What the Telephone Map Shows (Sep, 1914)

What the Telephone Map Shows

EVERY dot on the map marks a town where there is a telephone exchange, the same sized dot being used for a large city as for a small village. Some of these exchanges are owned by the Associated Bell companies and some by independent companies. Where joined together in one system they meet the needs of each community and, with their suburban lines, reach 70,000 places and over 8,000,000 subscribers.

The pyramids show that only a minority of the exchanges are Bell-owned, and that the greater majority of the exchanges are owned by independent companies and connected with the Bell System.

At comparatively few points are there two telephone companies, and there are comparatively few exchanges, chiefly rural, which do not have outside connections.

The recent agreement between the Attorney General of the United States and the Bell System will facilitate connections between all telephone subscribers regardless of who owns the exchanges.

Over 8,000 different telephone companies have already connected their exchanges to provide universal service for the whole country.

American Telephone and Telegraph Company And Associated Companies
One Policy One System Universal Service

11 comments
  1. Benzene says: May 30, 20089:42 am

    The telephone map reminds me of the Earth at night from space map. The population centers haven’t changed much in nearly 100 years.

  2. Napthalene says: May 30, 20084:59 pm

    Miami doesn’t even seem to exist.

  3. Mike says: May 30, 20085:21 pm

    That’s an interesting point.

    Most of south Florida must have been empty at that time.

    Orlando would have been all orange groves, if anything.

    No Las Vegas, either.

  4. JeffK says: May 30, 20087:35 pm

    Does that ad say they were facing monopoly charges almost 70 years before the big break-up?

    Before and after divestiture, and moving around, I lived under AT&T, Ameritech, Pacific Bell and SBC dominance. Now, every place I have lived is mostly served by…AT&T.

  5. JMyint says: May 30, 20087:55 pm

    The AT&T of today is not the same company. It is one of the former baby bells (SBC) that was created after the breakup that is slowly gobbling up the compitition including the former AT&T.

    Prior to the land boom of the 1920′s much of South Florida was considered uninhabitable.

  6. Doug says: May 30, 20088:19 pm

    In 1910, Florida had over 750,000 people, and Nevada had only 81,000…yet they seem to have similar amount of telephone exchanges. By comparison, Colorado also had about 750,000 people at the time, and it seems to have twice the amount of exchanges as Florida. Of course, Colorado was (and is) dominated by one large city (Denver), whereas in 1910 Miami only had 5,000 people! Jacksonville, which I believe was the largest city at the time, only had 58,000 (Denver had almost a quarter million at the time).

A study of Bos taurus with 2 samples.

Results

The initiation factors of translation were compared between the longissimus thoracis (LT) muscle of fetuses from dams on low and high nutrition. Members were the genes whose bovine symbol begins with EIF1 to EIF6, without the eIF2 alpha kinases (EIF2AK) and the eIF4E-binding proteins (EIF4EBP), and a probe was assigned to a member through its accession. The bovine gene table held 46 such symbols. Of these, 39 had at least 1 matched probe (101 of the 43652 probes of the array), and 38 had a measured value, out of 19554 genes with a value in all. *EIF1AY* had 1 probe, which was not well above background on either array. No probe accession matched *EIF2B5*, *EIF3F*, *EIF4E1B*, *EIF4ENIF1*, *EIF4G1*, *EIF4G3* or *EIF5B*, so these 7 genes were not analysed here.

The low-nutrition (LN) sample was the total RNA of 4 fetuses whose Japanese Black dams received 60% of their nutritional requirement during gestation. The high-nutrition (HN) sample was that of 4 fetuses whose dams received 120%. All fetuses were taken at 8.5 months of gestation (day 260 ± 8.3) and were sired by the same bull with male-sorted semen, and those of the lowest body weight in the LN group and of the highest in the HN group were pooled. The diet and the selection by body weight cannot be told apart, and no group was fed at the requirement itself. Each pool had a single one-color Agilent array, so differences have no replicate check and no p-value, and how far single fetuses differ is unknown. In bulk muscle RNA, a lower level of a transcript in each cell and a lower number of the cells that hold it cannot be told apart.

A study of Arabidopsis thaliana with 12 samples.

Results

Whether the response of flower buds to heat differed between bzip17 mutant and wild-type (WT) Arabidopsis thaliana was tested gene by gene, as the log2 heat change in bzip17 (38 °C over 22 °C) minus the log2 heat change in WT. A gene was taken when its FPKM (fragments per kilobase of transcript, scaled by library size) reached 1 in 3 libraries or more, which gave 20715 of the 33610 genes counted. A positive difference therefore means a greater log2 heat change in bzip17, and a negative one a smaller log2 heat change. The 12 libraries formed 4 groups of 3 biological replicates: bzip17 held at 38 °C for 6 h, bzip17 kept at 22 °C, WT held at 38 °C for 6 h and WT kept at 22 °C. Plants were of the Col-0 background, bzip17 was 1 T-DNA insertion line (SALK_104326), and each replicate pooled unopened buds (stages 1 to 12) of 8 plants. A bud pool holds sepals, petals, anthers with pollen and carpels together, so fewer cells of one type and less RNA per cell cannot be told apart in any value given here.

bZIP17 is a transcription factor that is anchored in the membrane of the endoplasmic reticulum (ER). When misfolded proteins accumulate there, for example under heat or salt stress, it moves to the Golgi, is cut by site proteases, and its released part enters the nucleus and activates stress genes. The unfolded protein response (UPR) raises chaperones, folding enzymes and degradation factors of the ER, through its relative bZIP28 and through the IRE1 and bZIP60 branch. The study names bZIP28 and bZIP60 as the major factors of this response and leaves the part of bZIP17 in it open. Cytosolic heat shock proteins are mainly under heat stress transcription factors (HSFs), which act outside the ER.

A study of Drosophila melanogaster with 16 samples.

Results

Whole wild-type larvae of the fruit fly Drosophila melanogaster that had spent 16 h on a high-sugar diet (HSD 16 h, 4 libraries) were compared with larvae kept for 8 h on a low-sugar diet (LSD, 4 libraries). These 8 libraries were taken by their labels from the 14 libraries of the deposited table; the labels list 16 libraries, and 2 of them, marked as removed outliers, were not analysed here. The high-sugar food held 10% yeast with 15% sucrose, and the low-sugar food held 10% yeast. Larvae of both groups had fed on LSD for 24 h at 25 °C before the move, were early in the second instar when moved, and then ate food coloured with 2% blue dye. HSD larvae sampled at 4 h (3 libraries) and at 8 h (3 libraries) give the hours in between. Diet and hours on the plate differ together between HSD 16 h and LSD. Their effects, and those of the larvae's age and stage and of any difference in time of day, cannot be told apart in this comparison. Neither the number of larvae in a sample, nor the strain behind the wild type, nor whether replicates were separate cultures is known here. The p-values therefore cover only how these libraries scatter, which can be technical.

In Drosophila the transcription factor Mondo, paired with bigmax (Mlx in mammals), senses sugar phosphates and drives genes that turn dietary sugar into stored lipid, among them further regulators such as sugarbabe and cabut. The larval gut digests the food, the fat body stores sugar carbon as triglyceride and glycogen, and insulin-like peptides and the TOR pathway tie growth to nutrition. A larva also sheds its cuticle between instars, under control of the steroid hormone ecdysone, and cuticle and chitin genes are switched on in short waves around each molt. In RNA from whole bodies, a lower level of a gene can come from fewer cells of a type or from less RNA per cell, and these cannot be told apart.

7. Blurgle says: May 30, 200810:50 pm

    Indiana, Illinois, and Ohio are especially exchange-rich as compared to other states. Perhaps the land use of the time – small farms, small towns, but prosperous – meant that there were more exchanges in any given area than there would be elsewhere.

    The South is relatively exchange-poor, but at this time much of the rural South didn’t have telephone service yet. The same could be said of much of the inland southwest.

  8. MKremer says: May 30, 200811:13 pm

    The most obvious blank spots (or almost blank) between then and now are: Miami, Orlando, Atlanta, Houston, Phoenix, and (especially) the Los Angeles area.

  9. Eliyahu says: May 31, 20088:54 am

    Let’s face it — there are a few things that work better as a monopoly, and the phone company was one of them.

  10. Mark L says: June 3, 20087:59 am

    This is probably a fair representation of population at the time. It is very interesting
    to see the shift from 1910 to the present. People migrated away from the Great Lakes region
    to the west coast and to the southeast coast.

  11. George says: August 24, 20081:53 pm

    I wonder how long and hard they fought against their “agreement.” Once connected, they still didn’t play well together, though.

    In the fifties, I had friends who lived in a town 10 miles from me that had an independent phone co. It was easier, and less expensive, to call the moon than them. Sort of like roaming charges, I suppose.